PoS - Proceedings of Science
Volume 441 - XVIII International Conference on Topics in Astroparticle and Underground Physics (TAUP2023) - Gravitational Waves
Mitigation of the effect of changes of atmospheric pressure on gravity detectors: preliminary results obtained with microphones at the Sos Enattos mine
E. Fenyvesi*, T. Bulik, M. Cieslar, S. Czellár, R. De Rosa, D. D'Urso, B. Király, L. Naticchioni, M. Pietrzak, M. Suchenek, D. Gondek-Rosinska and J. Molnar
Full text: pdf
Pre-published on: January 17, 2024
Published on: March 22, 2024
Low-frequency changes of atmospheric pressure contribute to the measurement noise of gravity detectors. On one hand, changes of frequency around 0.05 Hz and below cause tilt of the ground and the instrument placed on it. On the other hand, infrasound waves propagating in the atmosphere change the density of air, and hence cause changes in the gravitational field. These result in undesired movements of the test-masses of gravitational-wave (GW) detectors. One strategy to mitigate the effects of changes of atmospheric pressure on gravity detectors is to put them under the ground.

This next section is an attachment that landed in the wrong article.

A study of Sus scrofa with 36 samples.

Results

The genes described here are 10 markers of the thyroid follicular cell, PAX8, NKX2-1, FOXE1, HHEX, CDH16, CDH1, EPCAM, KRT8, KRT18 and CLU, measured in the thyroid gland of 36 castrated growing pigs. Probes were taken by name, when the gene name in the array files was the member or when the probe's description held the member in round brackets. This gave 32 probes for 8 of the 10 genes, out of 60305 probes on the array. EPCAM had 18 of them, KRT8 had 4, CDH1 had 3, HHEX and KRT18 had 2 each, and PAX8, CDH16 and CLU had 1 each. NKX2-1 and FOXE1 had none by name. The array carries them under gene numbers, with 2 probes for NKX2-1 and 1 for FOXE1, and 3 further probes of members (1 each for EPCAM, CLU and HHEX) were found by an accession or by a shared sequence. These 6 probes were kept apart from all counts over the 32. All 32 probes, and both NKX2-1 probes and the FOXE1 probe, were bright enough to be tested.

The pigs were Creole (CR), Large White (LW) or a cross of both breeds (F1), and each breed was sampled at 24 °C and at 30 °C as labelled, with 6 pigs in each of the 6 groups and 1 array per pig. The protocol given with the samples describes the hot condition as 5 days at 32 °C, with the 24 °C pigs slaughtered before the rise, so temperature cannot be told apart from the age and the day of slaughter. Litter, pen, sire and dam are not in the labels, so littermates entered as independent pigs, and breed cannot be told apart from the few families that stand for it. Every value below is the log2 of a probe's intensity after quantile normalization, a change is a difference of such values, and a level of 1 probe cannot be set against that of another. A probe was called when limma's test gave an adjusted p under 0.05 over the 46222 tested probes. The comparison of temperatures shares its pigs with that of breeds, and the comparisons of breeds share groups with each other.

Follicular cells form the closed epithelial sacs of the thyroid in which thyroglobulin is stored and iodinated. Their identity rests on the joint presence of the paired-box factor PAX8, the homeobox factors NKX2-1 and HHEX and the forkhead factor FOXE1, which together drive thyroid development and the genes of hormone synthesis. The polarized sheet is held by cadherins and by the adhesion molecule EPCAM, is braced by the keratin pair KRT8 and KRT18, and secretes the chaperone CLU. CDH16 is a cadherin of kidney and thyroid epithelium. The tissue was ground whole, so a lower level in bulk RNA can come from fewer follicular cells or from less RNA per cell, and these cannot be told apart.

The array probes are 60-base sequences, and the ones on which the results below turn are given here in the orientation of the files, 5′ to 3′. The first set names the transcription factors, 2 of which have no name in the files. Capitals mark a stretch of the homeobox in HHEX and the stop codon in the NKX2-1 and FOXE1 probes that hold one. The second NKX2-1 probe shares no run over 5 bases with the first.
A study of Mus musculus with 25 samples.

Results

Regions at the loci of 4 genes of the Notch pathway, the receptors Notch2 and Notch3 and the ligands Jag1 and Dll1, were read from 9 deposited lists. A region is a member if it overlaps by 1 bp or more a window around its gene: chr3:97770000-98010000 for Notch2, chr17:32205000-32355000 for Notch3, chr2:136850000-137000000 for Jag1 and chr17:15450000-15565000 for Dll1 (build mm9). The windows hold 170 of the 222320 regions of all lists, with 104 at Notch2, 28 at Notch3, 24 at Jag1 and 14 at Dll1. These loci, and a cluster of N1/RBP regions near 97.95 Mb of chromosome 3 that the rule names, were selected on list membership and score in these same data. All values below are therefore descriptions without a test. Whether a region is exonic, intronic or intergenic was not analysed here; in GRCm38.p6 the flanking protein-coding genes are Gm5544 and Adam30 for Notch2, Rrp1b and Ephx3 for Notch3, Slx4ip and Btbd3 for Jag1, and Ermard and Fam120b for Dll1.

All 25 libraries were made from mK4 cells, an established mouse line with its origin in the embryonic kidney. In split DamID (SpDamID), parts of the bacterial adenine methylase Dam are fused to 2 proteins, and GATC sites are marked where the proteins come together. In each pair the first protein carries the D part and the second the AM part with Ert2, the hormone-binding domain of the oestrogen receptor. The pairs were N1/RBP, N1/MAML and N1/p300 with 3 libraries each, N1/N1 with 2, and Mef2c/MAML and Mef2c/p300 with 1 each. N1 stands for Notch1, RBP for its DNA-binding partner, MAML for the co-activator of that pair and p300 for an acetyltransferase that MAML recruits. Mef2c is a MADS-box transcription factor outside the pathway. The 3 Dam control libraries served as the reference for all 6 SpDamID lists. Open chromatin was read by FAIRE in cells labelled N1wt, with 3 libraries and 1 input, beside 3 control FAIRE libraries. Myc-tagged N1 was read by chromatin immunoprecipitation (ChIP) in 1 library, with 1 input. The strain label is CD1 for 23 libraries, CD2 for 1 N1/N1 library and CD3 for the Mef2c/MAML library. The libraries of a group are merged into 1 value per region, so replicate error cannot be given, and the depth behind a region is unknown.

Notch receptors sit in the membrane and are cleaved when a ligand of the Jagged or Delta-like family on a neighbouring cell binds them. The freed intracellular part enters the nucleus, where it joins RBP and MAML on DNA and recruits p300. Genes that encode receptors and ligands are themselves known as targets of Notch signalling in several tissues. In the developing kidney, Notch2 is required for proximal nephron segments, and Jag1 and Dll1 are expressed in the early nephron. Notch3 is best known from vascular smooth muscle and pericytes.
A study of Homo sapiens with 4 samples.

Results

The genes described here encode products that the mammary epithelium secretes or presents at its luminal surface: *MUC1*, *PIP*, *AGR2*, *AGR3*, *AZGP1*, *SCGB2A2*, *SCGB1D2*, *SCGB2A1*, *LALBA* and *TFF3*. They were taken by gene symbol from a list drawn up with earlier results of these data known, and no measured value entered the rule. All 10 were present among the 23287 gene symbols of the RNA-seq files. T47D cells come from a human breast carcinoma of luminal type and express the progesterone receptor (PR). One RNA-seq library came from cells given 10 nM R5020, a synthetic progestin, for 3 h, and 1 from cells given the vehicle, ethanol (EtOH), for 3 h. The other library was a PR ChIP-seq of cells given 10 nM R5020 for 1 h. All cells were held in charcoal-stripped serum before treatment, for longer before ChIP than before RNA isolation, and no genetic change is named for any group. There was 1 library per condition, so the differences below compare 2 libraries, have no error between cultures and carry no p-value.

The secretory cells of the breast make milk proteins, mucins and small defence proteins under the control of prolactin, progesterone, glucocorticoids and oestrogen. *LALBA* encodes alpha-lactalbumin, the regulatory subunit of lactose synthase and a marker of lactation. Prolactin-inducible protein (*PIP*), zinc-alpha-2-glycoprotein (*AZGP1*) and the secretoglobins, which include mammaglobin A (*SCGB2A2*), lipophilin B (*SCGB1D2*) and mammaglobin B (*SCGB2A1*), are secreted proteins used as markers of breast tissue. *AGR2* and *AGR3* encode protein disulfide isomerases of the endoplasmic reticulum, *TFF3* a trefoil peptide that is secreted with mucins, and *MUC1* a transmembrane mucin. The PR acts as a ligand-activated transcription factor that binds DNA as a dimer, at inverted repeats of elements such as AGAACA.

In this study, recent results of infrasound measurements performed at the Sos Enattos mine (Lula, Nuoro Province, Sardinia, Italy) are presented. A designated area near the mine is one of the candidate sites for the Einstein Telescope, a proposed third-generation GW detector that is currently in the preparatory phase. Infrasound is monitored at three levels underground, as well as on the surface. The infrasound background noise 111 meters below the surface, and its relationship with other noise sources were investigated, too.
DOI: https://doi.org/10.22323/1.441.0104
How to cite

Metadata are provided both in "article" format (very similar to INSPIRE) as this helps creating very compact bibliographies which can be beneficial to authors and readers, and in "proceeding" format which is more detailed and complete.

Open Access
Creative Commons LicenseCopyright owned by the author(s) under the term of the Creative Commons Attribution-NonCommercial-NoDerivatives 4.0 International License.